Power transmission lines not used since May 1948 have been reopened to supply electricity to North Korea. The Ministry of Commerce, Industry, and Energy and the Korea Electric Power Corporation (KEPCO) held a commemoration ceremony for the completion of the Pyonghwa (Peace) Substation on June 21st. The substation will supply electricity to a first-phrase zone (3,3mn square meters) in the Kaesung Industrial Complex. Kim Young Joo, the Minister of Commerce, Industry, and Energy, Lee Won Gul, the CEO of KEPCO, and Lee Yoon Sung, a member of National Assembly participated in the ceremony.
Natural sources of electricity were abundant in North Korea before the Korean War because most electronic power facilities built during Japanese colonial period were concentrated in the North. Southern provinces of the Korean peninsula received electricity from the North through the 154kV power-transmission line between Pyongyang and Susaek Substation in Seoul until May 14, 1948.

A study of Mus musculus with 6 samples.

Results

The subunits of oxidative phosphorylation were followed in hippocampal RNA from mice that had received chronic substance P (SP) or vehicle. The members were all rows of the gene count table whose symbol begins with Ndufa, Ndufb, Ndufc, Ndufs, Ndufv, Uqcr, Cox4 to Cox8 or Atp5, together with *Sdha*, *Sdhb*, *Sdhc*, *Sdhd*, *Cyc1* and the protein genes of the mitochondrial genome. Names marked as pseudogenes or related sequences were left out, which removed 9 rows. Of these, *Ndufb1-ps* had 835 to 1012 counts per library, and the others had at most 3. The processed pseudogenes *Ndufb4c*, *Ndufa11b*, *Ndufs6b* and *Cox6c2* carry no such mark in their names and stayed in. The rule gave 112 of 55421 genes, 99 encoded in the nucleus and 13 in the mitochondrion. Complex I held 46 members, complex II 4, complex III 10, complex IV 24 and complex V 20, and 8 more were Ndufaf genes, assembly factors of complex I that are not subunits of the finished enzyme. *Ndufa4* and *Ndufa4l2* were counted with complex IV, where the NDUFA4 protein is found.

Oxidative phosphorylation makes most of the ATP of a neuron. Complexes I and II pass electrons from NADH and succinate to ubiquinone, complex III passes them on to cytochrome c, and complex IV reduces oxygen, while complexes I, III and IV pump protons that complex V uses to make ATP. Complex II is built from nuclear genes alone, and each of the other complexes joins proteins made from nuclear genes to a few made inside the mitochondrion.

The new substation was completed at a cost of 35bl dollars. The line runs 16km from Munsan Substation in Paju, Gyeonggi, South Korea, through the DMZ, and terminates at the Kaesung Complex. It consists of 48 pylons, 154kV power-transmission wire, and outdoor substations in Kaesung. The substation is supplying 100 thousand kilowatts of electricity to approximately 300 factories located in the first-phrase zone of the Kaesung Complex. As demand increases, the amount of electricity supplied by KEPCO could double. KEPCO has already been supplying electricity to specific factories in the Kaesung Complex since March, 2005.
In his congratulatory speech, Kim Young Joo compared “the historic linkage of power transmission lines to repairing blood vessels between the South and North, which were ruptured in May 14th, 1948.” He added that “Completing the construction of Pyonghwa Substation will strengthen the foundation of Korean Peninsula peace. North-South cooperation can flourish by supplying a stable source of electricity to the Kaesung Complex.”